2. Oooh I want it Beautiful sweeping lines, practical design, and incredible worksmanship!! This looks exactly like what I have been thinking about making. Love the style keep up the good work!!
  3. Looks just like something forged for Sauron. Incredible
  4. Its a MONSTER!! love the look! maybe a charred wood handle would go well with it?
  5. Looks like a real beater! Can you post a closeup of the blade and tang?
  6. Beauty!! Amazing work, let alone for your first! I hope to get there some day.... What are some of "the things that could be better"?
  7. Very nice! I hope to try some cobras or regular snakes sometime with a 15ft piece of threaded rod i found on the side of the road.
  8. Thanks guys, i will definitely flatten my future knives with a flatter to true everything up and smooth out the bevels. Then i'll file completely flat. Then i'll mark centre and set plunges with chainsaw file, then judicially file with the jig. I rushed that one a lot!! I will post the next knife and i guess we'll see how it turns out!
  9. Ok, i thought this might be the problem. how do i retain a true flat grind without the grind going convex? Its easy to slip slightly. Would you reccomend drawfiling or normal filing?
  10. So i wanted to make a knife for my mom to use in the garden. I opted for a tanto style just for fun. I forged it out of a coil spring, forged in bevels. Then i drawfiled it, making the nice partially unfinished knife here. Picture 1 and 2 Then i made this filing jig. Then i filed one side (sort of) to a flatish bevel (it came out of the drawfiling slightly convex) picture 3 Then, using the same bevel angle on the other side, i did a more thorough job. To my dismay, 1/4" deep of my edge had rolled over and was useless, leaving the blade shape below. I will have to start again...... picture 6 So i want to diagnose the problem. Some factors to consider. 1 the plunge line is far deeper on the second side i did, i removed much more material. (This could also be as a result of being shy on the filing near the plunge) *Picture 4 and 5 2 the knife was not completely straight or flat when i started filing, it still isnt. 3 due to the use of a plywood jig, the c-clamp accentuated the problem of non-flatness, so depending where the clamp sat, the blade was at a different angle. My working theory is that the bevel on the first side was not completely accurate, so when i did it on the other side it was too much. I think this was accentuated by the lack of flatness. What are your thoughts? I would like to not have this happen again. Thanks in advance!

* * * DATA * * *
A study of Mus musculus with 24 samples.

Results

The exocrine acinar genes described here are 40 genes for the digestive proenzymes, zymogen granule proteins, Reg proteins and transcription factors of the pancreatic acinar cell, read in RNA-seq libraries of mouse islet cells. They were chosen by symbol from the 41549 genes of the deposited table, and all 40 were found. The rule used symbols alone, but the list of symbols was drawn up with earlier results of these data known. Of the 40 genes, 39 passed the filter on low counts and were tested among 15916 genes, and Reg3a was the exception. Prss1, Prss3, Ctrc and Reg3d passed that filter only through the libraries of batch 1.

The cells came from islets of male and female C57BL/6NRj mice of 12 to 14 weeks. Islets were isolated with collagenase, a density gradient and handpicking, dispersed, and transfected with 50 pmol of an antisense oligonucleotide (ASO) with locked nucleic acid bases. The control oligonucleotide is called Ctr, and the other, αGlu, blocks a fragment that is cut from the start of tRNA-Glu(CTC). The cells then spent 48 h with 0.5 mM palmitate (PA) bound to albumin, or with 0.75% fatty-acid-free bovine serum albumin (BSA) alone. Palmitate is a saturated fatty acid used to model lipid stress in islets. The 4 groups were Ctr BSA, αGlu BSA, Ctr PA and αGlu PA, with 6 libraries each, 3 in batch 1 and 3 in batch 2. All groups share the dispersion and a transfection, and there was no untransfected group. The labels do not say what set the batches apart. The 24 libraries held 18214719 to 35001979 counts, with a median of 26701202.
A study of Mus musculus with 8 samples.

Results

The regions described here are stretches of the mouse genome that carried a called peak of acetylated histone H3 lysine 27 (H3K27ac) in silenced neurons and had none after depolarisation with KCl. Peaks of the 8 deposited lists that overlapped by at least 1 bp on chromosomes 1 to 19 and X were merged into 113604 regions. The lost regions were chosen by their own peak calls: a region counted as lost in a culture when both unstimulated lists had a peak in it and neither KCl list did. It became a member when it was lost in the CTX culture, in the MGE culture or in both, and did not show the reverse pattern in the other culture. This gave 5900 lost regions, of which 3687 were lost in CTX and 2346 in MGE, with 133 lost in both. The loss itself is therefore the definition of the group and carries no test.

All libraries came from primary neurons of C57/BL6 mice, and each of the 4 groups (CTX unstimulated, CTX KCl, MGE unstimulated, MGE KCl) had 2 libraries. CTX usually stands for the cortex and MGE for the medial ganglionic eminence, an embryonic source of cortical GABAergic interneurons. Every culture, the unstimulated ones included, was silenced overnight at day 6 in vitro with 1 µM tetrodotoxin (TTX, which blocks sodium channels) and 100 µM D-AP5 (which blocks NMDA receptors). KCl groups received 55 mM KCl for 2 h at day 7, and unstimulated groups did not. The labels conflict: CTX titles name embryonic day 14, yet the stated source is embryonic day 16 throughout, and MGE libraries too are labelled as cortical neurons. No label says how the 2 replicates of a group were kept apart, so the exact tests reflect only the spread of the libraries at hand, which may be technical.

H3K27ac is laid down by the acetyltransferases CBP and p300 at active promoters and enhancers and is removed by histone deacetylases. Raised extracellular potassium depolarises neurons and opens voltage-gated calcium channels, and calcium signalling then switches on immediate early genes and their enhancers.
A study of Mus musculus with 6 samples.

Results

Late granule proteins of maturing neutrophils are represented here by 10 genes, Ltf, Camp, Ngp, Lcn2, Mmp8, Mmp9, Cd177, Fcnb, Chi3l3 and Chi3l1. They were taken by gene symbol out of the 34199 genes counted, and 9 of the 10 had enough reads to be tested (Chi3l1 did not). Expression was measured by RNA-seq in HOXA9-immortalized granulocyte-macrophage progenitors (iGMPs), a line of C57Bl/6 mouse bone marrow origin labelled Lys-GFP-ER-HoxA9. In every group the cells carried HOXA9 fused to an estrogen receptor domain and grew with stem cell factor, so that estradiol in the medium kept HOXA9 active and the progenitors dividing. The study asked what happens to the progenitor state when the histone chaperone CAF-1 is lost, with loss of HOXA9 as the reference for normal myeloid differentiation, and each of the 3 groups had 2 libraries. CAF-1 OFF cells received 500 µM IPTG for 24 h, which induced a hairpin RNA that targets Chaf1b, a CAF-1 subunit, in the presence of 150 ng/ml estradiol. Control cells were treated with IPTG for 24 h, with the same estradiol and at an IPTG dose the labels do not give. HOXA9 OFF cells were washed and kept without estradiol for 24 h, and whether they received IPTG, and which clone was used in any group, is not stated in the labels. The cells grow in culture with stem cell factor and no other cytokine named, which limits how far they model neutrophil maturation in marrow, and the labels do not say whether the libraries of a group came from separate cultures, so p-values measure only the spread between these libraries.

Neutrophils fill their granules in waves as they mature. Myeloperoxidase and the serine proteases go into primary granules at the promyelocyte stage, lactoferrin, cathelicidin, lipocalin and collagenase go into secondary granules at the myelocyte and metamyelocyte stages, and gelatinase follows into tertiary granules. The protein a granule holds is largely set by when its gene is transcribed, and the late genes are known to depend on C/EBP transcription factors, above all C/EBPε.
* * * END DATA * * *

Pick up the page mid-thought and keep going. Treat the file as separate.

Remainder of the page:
11. It does look very similar to Alec steele's. Very nice!! It would be a shame to use it and get it all dirty and scratched
  12. Fire brick is probably not the best choice, lots of thermal mass, and it will be eaten by welding flux, and it may crumble. A kiln shelf from a pottery supply store is quite tough. Whats the volume without the brick? As to the burner, This is where i get into deeper waters, wait and some real burner experts will come along. It looks good to me, but i dont know too much. So to clarify, you designed the burner?
  13. Thanks TP, i will have to ask one of my buddies to come strike for me. I probably should get around to buying a sledge too. And making more tongs.... Lots to do!
  14. Looks like a good start! It may be a little large for the one burner, what is the internal volume? What kind/design is the burner? This is essential to answer any questions I think end openings are more of a trial and error thing. They look good, but it really depends on how it works with the burner.